The Case for Children's Books

by Marissa Moldoch

Do you have a favorite children’s book? From Winnie-the-Pooh and Charlotte’s Web, to The Chronicles of Narnia and Anne of Green Gables, children’s stories introduce incredible characters and vivid settings. Who wouldn’t want to take a leisurely stroll through the Hundred Acre Wood, or set off on a spectacular adventure with Aslan?

While these stories provide entertainment, they also help children become interested in reading and studying. According to EduBirdie, "Children with greater access to books and other print materials express more enjoyment of books, reading, and academics." Although elementary-aged children can read alone, they benefit greatly from sharing the experience with their parents. "The nurturing and one-on-one attention from parents during reading aloud encourages children to form a positive association with books and reading later in life.

Anvi Bavishi, Martin D. Slade, and Becca R. Levy suggest that “books can promote empathy, social perception, and emotional intelligence.” Similarly, Steven Zauderer says that “Reading can boost emotional development . . . by 50% to 100%.” Clearly, the practice of reading does more than build one’s vocabulary and critical thinking abilities. Connecting with characters and encountering different scenarios helps children become well-rounded individuals, which is one of the greater aims of Classical Education.

Musical Training

Classical Education is about more than educating students — it’s about nurturing the whole person. In The Liberal Arts Tradition, Kevin Clark, DLS, and Ravi Scott Jain write, “Classical education seeks . . . to build upon a robust poetic and moral education.” To accomplish that goal, students partake in musical training, which “includes what we now call music, but also poetry, drama, the fine arts, and literature.” The ancients emphasized musical training because they found that “the aesthetic, affective, and emotional training of music [is] foundational to the acquisition of both the moral and the intellectual virtues.”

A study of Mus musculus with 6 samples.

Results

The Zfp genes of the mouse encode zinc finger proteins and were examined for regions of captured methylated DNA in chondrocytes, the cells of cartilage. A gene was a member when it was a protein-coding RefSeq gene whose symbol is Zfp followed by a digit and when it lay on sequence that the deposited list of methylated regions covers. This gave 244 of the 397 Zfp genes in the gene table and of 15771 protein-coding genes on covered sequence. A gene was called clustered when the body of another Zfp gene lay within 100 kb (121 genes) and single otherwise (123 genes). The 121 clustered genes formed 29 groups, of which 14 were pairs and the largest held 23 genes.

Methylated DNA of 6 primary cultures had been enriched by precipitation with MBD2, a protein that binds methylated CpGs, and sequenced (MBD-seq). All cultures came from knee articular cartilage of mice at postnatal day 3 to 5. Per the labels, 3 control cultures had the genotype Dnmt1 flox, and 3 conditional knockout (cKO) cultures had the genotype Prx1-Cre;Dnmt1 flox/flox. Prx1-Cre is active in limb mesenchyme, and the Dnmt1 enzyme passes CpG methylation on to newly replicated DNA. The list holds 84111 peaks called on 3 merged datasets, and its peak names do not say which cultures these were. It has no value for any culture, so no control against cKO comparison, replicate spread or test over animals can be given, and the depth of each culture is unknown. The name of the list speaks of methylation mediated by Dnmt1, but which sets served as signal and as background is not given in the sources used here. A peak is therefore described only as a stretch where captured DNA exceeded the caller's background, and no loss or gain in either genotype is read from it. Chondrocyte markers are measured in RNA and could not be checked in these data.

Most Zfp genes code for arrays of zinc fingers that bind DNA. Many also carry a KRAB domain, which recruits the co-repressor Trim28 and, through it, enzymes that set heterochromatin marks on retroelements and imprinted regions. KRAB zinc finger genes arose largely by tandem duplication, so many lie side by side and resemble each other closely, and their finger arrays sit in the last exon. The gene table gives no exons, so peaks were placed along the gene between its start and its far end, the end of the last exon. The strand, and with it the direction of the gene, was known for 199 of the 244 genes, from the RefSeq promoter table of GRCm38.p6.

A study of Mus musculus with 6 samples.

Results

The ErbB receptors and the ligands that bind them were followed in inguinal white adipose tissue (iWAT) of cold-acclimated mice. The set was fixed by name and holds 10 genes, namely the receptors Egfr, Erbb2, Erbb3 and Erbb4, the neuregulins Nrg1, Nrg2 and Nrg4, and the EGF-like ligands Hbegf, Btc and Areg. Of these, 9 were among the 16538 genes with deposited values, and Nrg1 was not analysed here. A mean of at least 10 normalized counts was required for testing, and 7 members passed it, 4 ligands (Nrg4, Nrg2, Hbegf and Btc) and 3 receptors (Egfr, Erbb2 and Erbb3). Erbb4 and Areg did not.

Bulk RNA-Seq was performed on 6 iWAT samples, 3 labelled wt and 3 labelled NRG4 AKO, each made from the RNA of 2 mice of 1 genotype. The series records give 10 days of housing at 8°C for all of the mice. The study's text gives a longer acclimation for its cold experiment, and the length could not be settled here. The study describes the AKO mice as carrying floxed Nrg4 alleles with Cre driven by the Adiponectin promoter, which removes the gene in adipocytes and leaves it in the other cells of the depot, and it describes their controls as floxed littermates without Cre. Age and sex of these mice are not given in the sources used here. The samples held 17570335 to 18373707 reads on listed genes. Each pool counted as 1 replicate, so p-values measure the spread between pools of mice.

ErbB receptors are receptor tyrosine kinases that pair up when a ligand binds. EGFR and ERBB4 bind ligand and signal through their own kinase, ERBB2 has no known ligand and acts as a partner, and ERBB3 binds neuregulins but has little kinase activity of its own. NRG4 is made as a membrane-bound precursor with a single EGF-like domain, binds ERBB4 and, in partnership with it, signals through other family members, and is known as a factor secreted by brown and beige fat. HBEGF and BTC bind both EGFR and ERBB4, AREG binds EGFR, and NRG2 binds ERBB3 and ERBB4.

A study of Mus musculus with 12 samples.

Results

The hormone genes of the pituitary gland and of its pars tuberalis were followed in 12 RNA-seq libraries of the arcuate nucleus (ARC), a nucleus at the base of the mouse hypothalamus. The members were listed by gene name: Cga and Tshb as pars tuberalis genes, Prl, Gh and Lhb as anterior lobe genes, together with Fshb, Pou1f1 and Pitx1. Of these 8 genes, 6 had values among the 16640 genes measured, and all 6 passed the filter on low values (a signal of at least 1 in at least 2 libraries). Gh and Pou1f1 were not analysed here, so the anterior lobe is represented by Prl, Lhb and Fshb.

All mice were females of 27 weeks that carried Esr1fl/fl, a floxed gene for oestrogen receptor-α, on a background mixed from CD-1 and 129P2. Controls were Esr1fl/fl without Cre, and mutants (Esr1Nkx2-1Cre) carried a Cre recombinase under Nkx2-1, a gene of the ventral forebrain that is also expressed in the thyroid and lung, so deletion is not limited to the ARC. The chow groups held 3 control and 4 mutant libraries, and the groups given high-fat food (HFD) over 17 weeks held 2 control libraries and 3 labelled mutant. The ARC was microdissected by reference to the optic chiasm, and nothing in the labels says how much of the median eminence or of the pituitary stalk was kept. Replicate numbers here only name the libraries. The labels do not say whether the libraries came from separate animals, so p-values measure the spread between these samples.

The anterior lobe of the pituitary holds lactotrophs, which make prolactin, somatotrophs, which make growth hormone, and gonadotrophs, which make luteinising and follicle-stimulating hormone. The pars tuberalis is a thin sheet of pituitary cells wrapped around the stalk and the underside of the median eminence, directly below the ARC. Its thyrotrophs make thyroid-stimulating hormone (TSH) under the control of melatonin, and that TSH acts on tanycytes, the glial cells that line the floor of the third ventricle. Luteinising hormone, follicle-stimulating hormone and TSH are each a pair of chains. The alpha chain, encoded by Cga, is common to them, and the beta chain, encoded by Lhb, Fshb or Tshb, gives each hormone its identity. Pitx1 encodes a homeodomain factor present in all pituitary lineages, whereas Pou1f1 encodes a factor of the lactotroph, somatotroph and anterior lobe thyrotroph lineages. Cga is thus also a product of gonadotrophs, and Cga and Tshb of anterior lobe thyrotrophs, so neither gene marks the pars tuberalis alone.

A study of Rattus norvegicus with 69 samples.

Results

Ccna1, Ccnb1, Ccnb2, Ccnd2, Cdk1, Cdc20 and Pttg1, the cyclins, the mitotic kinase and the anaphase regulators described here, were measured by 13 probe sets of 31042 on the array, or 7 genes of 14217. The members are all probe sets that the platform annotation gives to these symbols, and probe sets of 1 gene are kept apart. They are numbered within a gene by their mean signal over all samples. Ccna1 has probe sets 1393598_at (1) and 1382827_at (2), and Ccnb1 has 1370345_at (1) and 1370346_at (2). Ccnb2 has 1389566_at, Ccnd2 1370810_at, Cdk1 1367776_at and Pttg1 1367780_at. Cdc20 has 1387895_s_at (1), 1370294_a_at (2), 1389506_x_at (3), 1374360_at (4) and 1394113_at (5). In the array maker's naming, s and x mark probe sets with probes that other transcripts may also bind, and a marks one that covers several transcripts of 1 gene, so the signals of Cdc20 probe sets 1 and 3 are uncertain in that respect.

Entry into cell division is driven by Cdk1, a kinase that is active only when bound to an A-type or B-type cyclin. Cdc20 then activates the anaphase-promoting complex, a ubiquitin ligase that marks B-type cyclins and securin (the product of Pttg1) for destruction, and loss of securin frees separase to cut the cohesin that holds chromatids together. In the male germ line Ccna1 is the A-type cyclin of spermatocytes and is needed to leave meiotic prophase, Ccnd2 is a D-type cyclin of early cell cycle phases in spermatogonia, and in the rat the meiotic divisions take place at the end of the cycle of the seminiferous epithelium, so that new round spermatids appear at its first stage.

Acclaimed author C.S. Lewis also advocated for musical education in The Abolition of Man. Clark and Jain explain that “[f]or Lewis, musical education is not window dressing for our educational program; it is essential and foundational. Without a well-stocked moral imagination, without trained sentiment, without a heart, there is no human flourishing." As classically educated students explore a wealth of stories, they transform into well-read, well-rounded individuals with a strong moral compass.

How Can We Help?

As creators, we have a responsibility to write and illustrate books that are not only engaging and enjoyable, but also inspirational and educational for children during their formative years. Even the most obscure passage could impress upon them a lesson or an idea that could aid them later in life. 

Author Roald Dahl — who penned Matilda, James and the Giant Peach, and Charlie and the Chocolate Factory — went to great lengths to make his stories memorable. He once said, “I have a passion for teaching kids to become readers, to become comfortable with a book, not daunted. Books shouldn’t be daunting, they should be funny, exciting and wonderful; and learning to be a reader gives a terrific advantage.”

While it is a joy to read to children, we hope that one day, they will become avid readers themselves, excitedly buzzing about the titles they’ve discovered on their own. To see that vision come to fruition, we must carefully plant the seeds and nurture their curiosity as Dahl suggested.

Ferst Readers concurs, stating, “When adults read to children, discussing story content, asking open-ended questions about story events, explaining the meaning of words, and pointing out features of print, they promote increased language development, comprehension of story content, knowledge of story structure, and a better understanding of language — all of which lead to literacy success.

To equip students with these necessary skills, we created the incremental Reasoning and Reading series. Perfect for grades 3-8, each book teaches students how to recognize comparing and contrasting words, discriminate between good and vague definitions, understand inferences, and more! We hope that, upon completing the books, students will have a new passion for reading that will guide them as they grow.